Wairarapa’s recently appointed Deputy Principal Rural Fire Officer Renee Potae. PHOTO/GIANINA SCHWANECKE

GIANINA SCHWANECKE
gianina.schwanecke@age.co.nz

Wairarapa’s recently appointed Deputy Principal Rural Fire Officer Renee Potae is one of few women to hold such a high level operational role, but there’s nothing limiting about life with Fire and Emergency New Zealand she says.

Originally from Turangi, Potae didn’t always know she wanted to be a firefighter.

“When I was at school, I was really academic but I had also grown up doing a lot of sport and adventures with my dad in the bush.

“I went to university to study pharmacy but ended up doing a lot of skiing instead.”

After a few years in the ski industry, both here and in Canada, she returned home to take part in a research project focused on New Zealand’s national icon, the kiwi.

“I was a biodiversity ranger for 10 years, mostly focused on kiwi.

“Firefighting was also part of being a ranger back then.”

It was the perfect combination of her interest in science and love of practical activities such as riding motorbikes through the bush.

Firefighting is the same, she said.

“There are lots of practical skills but the more theory you learn, the more effective you are as a firefighter.

“Having grown up being quite adventurous and practical with an interest in how things worked, I had a bit of confidence to begin with. But I also studied a lot to build my confidence.”

Including her time with the Department of Conservation, she has spent 12 years in the firefighting service and said she’d seen a lot of changes in this time.

She said there had definitely been an increase in the number of women in the industry, though professional numbers were still quite low.

“It varies a lot depending on where you are.”

For Potae it comes down to increased visibility.

“We need more women in the service definitely.

“There’s nothing limiting about being a woman in fire.”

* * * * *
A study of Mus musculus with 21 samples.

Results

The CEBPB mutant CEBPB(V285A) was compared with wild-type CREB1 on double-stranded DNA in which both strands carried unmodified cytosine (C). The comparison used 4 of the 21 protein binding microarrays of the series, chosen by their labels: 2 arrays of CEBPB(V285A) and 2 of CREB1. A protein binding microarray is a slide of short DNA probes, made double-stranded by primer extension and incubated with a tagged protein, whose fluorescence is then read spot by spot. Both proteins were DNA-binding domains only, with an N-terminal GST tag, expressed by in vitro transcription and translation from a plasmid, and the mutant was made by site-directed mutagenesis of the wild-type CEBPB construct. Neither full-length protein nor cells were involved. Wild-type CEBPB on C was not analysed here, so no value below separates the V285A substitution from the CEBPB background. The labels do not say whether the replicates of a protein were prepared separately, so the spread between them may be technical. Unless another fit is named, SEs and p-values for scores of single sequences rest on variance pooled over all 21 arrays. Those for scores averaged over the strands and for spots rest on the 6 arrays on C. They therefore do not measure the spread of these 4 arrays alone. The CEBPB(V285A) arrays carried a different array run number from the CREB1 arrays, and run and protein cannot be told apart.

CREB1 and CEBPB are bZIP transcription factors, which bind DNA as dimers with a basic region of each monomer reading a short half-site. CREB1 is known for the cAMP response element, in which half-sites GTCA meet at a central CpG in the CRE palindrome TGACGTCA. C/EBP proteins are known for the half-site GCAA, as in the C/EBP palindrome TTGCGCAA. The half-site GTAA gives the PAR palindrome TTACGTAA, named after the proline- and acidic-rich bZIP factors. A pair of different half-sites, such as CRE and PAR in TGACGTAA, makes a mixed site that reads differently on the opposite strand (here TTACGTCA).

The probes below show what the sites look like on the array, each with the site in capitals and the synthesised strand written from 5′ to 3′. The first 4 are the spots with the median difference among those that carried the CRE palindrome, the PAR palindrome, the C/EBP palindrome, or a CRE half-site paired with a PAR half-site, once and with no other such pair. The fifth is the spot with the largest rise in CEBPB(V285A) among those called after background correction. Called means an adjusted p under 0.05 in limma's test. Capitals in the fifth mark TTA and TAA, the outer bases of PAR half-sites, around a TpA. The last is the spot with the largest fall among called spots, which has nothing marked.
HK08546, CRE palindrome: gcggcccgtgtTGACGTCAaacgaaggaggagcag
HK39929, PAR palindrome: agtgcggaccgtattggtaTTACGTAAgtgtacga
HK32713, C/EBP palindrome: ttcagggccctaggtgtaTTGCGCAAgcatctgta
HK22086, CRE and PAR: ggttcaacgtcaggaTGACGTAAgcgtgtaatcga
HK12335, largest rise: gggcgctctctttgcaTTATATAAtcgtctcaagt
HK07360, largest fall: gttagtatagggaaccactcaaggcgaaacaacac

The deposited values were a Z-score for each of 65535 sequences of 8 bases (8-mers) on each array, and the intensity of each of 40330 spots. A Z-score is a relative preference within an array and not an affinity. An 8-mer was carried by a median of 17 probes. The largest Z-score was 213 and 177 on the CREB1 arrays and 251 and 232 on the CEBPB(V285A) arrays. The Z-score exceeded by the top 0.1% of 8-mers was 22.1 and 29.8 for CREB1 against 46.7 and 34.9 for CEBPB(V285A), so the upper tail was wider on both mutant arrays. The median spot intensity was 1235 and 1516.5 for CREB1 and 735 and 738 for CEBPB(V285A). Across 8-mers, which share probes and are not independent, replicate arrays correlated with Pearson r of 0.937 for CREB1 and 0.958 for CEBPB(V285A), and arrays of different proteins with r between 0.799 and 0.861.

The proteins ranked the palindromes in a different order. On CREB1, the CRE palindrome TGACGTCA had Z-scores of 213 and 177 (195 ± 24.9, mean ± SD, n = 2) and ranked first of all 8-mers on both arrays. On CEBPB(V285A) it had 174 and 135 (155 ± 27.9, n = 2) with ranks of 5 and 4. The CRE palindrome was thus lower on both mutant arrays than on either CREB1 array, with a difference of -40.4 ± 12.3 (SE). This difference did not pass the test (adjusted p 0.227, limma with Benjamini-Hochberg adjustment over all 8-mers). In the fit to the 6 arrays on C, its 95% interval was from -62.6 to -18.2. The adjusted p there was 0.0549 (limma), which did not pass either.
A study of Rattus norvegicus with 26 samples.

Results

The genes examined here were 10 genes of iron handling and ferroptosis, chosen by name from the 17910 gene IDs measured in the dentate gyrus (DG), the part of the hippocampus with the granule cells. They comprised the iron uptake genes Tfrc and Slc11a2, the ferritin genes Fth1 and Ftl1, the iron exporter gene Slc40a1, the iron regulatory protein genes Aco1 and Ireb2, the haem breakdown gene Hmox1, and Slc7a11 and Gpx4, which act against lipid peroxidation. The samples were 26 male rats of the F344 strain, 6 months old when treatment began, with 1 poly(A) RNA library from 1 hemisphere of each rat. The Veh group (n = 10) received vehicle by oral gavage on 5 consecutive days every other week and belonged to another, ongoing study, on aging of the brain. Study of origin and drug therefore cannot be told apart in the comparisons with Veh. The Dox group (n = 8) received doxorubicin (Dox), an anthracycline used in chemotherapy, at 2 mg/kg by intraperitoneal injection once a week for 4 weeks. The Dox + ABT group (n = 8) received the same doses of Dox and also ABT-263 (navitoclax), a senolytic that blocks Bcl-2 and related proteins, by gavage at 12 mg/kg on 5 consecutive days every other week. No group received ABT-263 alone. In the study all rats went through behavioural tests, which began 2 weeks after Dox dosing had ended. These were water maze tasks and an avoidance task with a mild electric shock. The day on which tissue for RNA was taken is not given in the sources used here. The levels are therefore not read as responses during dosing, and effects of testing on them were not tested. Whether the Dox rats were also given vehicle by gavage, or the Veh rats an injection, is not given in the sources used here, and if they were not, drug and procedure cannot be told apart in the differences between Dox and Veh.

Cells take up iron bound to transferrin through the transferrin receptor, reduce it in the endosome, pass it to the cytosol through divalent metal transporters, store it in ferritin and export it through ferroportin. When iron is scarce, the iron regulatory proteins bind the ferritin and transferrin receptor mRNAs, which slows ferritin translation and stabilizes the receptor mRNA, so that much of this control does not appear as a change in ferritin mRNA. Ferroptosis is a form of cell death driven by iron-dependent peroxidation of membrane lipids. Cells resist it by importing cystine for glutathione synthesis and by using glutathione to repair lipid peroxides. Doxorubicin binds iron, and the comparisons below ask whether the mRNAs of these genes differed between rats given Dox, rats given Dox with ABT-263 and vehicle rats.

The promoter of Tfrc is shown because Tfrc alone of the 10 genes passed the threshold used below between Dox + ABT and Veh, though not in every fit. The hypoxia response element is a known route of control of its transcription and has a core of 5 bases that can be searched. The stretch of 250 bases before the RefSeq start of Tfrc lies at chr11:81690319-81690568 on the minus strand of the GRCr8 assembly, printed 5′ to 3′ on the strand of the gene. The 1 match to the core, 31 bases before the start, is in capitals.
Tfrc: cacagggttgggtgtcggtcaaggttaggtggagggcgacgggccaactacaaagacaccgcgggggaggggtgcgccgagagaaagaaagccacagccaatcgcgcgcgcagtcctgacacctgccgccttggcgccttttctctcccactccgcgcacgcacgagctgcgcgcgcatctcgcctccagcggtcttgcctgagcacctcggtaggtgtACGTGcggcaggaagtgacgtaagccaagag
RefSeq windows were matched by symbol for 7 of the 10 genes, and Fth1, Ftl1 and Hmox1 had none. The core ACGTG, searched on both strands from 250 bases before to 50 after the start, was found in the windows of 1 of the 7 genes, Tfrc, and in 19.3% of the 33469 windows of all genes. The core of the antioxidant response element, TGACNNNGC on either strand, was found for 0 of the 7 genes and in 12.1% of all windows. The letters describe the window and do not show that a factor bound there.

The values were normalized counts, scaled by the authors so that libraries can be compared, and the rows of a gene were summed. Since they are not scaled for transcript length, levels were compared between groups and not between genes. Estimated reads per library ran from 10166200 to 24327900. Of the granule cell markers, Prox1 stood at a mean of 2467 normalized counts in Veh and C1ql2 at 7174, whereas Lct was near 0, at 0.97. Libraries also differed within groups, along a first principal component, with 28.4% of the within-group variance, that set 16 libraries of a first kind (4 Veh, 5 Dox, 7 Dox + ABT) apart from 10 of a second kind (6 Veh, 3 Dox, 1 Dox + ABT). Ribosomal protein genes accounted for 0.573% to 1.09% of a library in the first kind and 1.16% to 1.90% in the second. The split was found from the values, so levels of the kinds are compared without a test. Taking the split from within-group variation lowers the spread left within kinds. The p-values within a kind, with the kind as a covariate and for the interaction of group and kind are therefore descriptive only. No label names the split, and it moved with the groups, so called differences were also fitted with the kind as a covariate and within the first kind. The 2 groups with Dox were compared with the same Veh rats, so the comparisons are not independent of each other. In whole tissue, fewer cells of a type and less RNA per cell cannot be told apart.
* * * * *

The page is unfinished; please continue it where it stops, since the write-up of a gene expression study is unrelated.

Another change had been the unification of emergency services.

“It’s not just fires. We also respond to a lot of motor vehicle crashes and medical events.

“Whether urban or rural fire brigades, we’re here to respond to emergencies of all types.

“And as communities grow, we need more people.”

This included volunteer firefighters, as well as operational and support staff.

New to Wairarapa, Potae has spent the past few weeks getting to know the “vast and beautiful” region while out on duty, covering coastal Ngawi to north of Dannevirke along the Tararua Range.

“One of our challenges increasingly is the warming climate creating warmer temperatures, drier environments, less humidity, and more wind.

“That increases the risk and intensity of fire.”

Potae had just returned from fighting bushfires in Tasmania when she was called on to help with the Nelson fires early last year.

“We are really trying to get out there to educate people and make sure our teams are resourced to help respond to fires.

“Increasingly we work with organisations like Scion and Niwa [National Institute of Water and Atmospheric Research] to learn more about changing weather patterns which helps us prepare for the fire season.”

Just a few weeks out from Wairarapa’s fire season and after a week of high winds, she encouraged anyone thinking about lighting a fire to use the checkitsalright.nz site first.

  • More information about keeping safe when lighting fires or opportunities with Fire and Emergency New Zealand can be found online at fireandemergency.nz.